The new Ssangyong Turismo replaces one of the most widely ridiculed cars of recent times: the Ssangyong Rodius. As unrefined and uncomfortable as it was catastrophically hideous, it remains (mercifully) a rare sight on British shores. Now, Korean outfit Ssangyong is having another crack at the ‘more is more’ large MPV.
Still no beauty, is it?
No, but which MPV is? And it’s difficult to take in the details of the Turimso at first glance, just as you don’t focus on the Statue of Liberty’s eyebrows the first time you clap eyes on her. You just gawp at the sheer scale of the Turimso, and then take a leisurely stroll down to the boot. If you’re a dog-walker, there’s no need to hoist Fido aboard the enormous 875L/3186L boot – circling the car is enough exercise.
Your mutts, shopping, and children will surely get lost inside the gargantuan interior anyhow. And so this should be a spacious car – it measures more than 5.1m end to end, dwarfing a Range Rover, and stands a lofty 1.85m tall. Meanwhile, cyclists will hold their breath as they pass you, thanks to the Turismo’s nigh-on two-metre width.
So, I need an HGV license to drive it – or a tanker captain?
Actually, the massive Turismo can be operated by the common-or-garden British motorist: its mechanical layout is as conventional as it gets. We tested a 2.0-litre four-cylinder diesel model, which the manufacturer quotes no official 0-62mph time – perhaps Ssangyong’s engineers don’t have the patience.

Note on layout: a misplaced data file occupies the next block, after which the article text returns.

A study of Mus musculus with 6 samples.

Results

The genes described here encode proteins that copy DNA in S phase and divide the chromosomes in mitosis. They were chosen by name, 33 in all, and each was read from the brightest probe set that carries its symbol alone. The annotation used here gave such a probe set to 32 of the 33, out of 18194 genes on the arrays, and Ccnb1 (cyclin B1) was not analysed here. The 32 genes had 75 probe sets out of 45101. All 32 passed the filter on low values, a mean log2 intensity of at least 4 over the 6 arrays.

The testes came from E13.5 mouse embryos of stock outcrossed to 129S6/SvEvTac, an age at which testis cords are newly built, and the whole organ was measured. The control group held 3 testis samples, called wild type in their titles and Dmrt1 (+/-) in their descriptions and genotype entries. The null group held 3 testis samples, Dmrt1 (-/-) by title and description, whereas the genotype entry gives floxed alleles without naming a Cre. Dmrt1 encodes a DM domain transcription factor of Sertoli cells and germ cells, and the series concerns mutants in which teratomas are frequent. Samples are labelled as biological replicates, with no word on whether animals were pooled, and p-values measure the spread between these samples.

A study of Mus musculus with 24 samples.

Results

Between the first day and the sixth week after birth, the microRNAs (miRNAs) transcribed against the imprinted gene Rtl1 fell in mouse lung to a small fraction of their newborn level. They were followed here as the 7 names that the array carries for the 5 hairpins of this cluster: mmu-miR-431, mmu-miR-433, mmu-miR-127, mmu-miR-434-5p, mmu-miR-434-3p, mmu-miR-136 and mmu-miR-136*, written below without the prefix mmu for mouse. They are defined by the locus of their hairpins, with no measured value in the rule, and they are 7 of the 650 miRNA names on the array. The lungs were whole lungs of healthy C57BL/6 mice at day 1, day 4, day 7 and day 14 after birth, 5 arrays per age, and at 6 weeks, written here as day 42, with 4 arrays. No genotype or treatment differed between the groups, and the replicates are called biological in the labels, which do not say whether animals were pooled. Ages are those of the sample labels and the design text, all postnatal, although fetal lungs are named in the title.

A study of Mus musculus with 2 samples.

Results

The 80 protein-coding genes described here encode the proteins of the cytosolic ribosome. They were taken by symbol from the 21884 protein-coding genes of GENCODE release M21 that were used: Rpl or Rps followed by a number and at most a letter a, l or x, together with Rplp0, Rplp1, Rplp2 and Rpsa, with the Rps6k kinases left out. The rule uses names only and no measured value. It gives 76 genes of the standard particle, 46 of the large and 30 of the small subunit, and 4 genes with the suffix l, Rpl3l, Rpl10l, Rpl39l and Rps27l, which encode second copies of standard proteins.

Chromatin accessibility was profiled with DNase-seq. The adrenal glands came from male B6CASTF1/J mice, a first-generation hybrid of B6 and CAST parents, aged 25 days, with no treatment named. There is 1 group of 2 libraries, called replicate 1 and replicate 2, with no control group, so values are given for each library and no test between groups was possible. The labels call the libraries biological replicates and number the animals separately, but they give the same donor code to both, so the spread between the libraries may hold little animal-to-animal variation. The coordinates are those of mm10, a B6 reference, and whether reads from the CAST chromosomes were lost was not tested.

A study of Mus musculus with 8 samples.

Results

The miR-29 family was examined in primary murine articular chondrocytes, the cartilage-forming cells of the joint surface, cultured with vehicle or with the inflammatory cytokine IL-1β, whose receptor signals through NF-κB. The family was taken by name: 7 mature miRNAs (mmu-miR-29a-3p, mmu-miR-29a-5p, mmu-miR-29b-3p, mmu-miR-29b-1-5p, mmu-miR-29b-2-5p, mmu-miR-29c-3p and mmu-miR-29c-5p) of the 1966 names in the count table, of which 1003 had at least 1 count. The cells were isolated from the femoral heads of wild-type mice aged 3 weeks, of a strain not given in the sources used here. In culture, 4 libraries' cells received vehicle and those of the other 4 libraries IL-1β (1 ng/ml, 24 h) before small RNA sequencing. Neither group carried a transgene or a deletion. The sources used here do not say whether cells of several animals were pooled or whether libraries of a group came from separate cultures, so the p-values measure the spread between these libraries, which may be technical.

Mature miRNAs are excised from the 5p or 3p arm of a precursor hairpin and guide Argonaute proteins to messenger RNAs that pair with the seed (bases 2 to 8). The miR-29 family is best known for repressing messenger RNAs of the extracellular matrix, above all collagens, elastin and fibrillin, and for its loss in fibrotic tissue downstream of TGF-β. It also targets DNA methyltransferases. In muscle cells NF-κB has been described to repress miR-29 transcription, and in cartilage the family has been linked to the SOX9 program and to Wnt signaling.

The motor musters a useful 265lb ft from 1500rpm, but only a paltry 150bhp, so progress isn’t brisk. The Turismo lugs its 2115kg all the way to 108mph, but no amount of arm-wrestling with the six-speed manual will make the Turismo feel sprightly. Best relax, ignore the fact that claimed economy barely tops 35mpg, and wallow in the Turismo’s unashamedly comfort-focused bias.
You’re not going to tell me the Turismo is a relaxing machine to pootle about in?
Too right we are. The enormous steering wheel (another shipping similarity) masks any hope of communication with the front wheels, but what this big ol’ boat gives in ocean-going body roll, it absorbs in pillowy ride comfort that’ll surely be a real boon on the Stansted ring road where this car will likely spend its working life.
There’s some float to the body as it settles on its springs, but you’d have to be driving enthusiastically enough to provoke a six-way vomiting match behind your left ear to experience it often.
Prices for the Ssangyong Turismo start at (wait for it) £17,995. This is an enormous amount of car for the money, with more versatility than anything this side of a Mercedes Unimog, thanks to the part-time all-wheel drive system, seven seats, cathedral-sized boot and generous on-board kit-count.
For that money (even the loaded range topper with an automatic gearbox costs Ford C-Max money, at £23,995), we’ll forgive the Turismo its ungainly appearance, glacial performance and circa 1994-Honda cabin plastics. Chances are if you’re looking for a seven-seater this commodious for less than twenty grand, nothing else will do.
For offering huge value and markedly improving upon its dire predecessor, we give the Turismo the thumbs up. It is a size too big for British roads, and is about five rungs too far down the badge snobbery ladder for the British public to take it seriously, but we’d wager there are few family workhorses this side of a Dacia that offer the same practicality-per-pound.